Hollywood used to look down on the sci-fi genre with the reluctant acceptance of an older sibling being forced to let their kid brother tag along. Then Star Wars: A New Hope, Close Encounters of the Third Kind and Superman: The Movie dropped in the late 1970’s and proved the genre to be a legit moneymaker capable of real quality. From then on, Hollywood took sci-fi seriously (and in the case of Zack Snyder, perhaps too seriously).
Today, video game adaptations have replaced sci-fi as the genre most likely to be laughed out of a pitch meeting; even Trump’s cabinet has a better track record. Like sci-fi before it, movies based on video games have struggled to hit the mark both commercially and critically. Wait, I’m being too nice, (clears throat) VIDEO GAME MOVIES ARE THE NEW “STARRING NICHOLAS CAGE” OF CINEMA. We’ve yet to see a universally praised and/or sure-fire box office hit make its way from the console and into theaters (with all due respect to the Resident Evil franchise).
But it’s only a matter of time until a video game adaptation nails the target like a sniper in Halo. My money is on Alicia Vikander’s Tomb Raider reboot coming next year.
Before we go any further, I’d like to preemptively shoot down any talk of 1995’s Mortal Kombat already fulfilling this goal. Scoring $122 million off an $18 million budget is enough to warm Sub-Zero’s icy heart, but Mortal Kombat was a B-movie that acted accordingly. Our expectations are a tad higher now.
Why is the new Tomb Raider a decent bet to buck the trend? For starters, the original established a not-terrible foundation on which to build. No, 2001’s Lara Croft: Tomb Raider was not a runaway success at the box office ($274.7 million off a $115 million budget; studios generally like to triple their investment), nor was it a critical darling. But the movie did have two distinct things going for it: an in-her-prime Angelina Jolie – a force on screen – and a playful vibe that sucks you in for a couple of scenes anytime you stumble across it on cable.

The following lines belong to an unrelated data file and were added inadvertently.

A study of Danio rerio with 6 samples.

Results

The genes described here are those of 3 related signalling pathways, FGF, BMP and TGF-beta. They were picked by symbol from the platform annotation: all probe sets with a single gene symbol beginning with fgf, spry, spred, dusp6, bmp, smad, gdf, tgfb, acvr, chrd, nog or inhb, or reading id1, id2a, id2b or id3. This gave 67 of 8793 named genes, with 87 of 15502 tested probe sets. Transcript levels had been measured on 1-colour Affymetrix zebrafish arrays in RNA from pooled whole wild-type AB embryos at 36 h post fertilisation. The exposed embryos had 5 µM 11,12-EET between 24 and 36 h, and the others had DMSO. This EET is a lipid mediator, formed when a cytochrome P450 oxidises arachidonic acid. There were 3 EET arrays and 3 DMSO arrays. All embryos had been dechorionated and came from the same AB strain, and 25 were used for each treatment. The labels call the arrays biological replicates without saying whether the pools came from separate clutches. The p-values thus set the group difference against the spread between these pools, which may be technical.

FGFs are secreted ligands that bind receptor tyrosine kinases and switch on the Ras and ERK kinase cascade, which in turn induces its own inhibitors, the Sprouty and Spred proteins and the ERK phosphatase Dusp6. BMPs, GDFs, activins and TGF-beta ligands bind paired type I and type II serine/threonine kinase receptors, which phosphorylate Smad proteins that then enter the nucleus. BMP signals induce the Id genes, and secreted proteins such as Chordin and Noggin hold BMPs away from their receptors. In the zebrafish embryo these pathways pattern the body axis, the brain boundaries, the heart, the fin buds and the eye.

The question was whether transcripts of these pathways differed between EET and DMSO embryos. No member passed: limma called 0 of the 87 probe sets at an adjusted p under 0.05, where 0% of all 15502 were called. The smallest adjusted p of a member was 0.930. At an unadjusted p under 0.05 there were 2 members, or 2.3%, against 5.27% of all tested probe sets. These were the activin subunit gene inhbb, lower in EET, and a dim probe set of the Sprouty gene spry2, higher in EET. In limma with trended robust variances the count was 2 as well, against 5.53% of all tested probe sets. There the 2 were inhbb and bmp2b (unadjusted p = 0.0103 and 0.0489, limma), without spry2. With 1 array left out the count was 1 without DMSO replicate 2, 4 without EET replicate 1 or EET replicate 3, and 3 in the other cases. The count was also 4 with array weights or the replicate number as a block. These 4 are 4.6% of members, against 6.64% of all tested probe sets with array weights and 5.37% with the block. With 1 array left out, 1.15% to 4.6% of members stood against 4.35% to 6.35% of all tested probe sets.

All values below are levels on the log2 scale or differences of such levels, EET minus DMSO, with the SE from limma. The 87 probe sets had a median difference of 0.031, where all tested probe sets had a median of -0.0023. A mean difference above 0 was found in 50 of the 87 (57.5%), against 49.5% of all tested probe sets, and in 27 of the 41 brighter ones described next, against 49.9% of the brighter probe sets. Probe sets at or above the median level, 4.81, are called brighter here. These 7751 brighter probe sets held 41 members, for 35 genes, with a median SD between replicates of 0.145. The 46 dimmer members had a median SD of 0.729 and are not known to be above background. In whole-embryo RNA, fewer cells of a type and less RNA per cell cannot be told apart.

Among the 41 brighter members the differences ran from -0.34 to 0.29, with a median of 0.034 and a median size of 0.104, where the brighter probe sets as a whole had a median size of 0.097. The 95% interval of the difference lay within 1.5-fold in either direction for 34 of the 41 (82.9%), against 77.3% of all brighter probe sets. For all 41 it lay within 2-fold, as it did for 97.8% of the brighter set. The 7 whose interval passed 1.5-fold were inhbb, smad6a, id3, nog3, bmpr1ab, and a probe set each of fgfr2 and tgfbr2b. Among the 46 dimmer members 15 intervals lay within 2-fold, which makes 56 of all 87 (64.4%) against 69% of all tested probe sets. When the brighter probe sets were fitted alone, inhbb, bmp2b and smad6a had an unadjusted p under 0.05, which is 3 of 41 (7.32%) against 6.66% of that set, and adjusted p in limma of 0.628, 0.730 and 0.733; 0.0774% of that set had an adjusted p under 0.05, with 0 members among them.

Roger Ebert noted as much when he wrote, “Lara Croft: Tomb Raider elevates goofiness to an art form. Here is a movie so monumentally silly, yet so wondrous to look at, that only a churl could find fault.” The sequel sucked, but the first go around ain’t awful.
That doesn’t mean the reboot will be any good or even resemble the original, but Hollywood’s mindset is slowly starting to catch up to reality. The worldwide game industry generated $91 billion in revenues last year; clearly, there’s a market for this content. As such, studios have started approaching the material more seriously, even if recent results don’t reflect that change.
Last year’s Warcraft was the CGI equivalent to the New York Knicks’ season, but there was a lot of intrigue when writer/director Duncan Jones (Source Code, Moon) first signed on. I fell asleep in Assassin’s Creed, but I took note when two-time Academy Award nominee Michael Fassbender was first cast. Dwayne Johnson AKA Beyonce for boys is headlining Rampage, based on the classic arcade game, next year (don’t mention 2005’s Doom). We’ve come a long way from Wing Commander starring Freddie Prinze Jr. Heavy hitters are starting to sign on to video game movies and that includes the Oscar-winning Vikander. Sooner or later, the talent is going to win out.
Speaking more broadly, audiences are finally realizing that ladies can be badass too. The Hunger Games, Gravity, Lucy, Star Wars: The Force Awakens and Rogue One are all examples of moviegoers showing up in droves for big budget offerings built around women. Wonder Woman and Captain Marvel will most likely continue that trend, so why not Tomb Raider? Recent history suggests that the formula works if the product is good.
Again, I have no idea if Tomb Raider will be a buried treasure, but the timing feels right for a video game movie to really breakout. You’ve got an ascending star flanked by a similarly strong cast (Walter Goggins, Daniel Wu, Dominic West) bringing back a popular-enough movie franchise and a beloved video game series. The social climate has been kind to recent female features and studios want these kinds of projects taking off. All that’s missing is the audience.
Can Tomb Raider break Hollywood’s video game curse or will it become just another buried artifact of a dusty genre?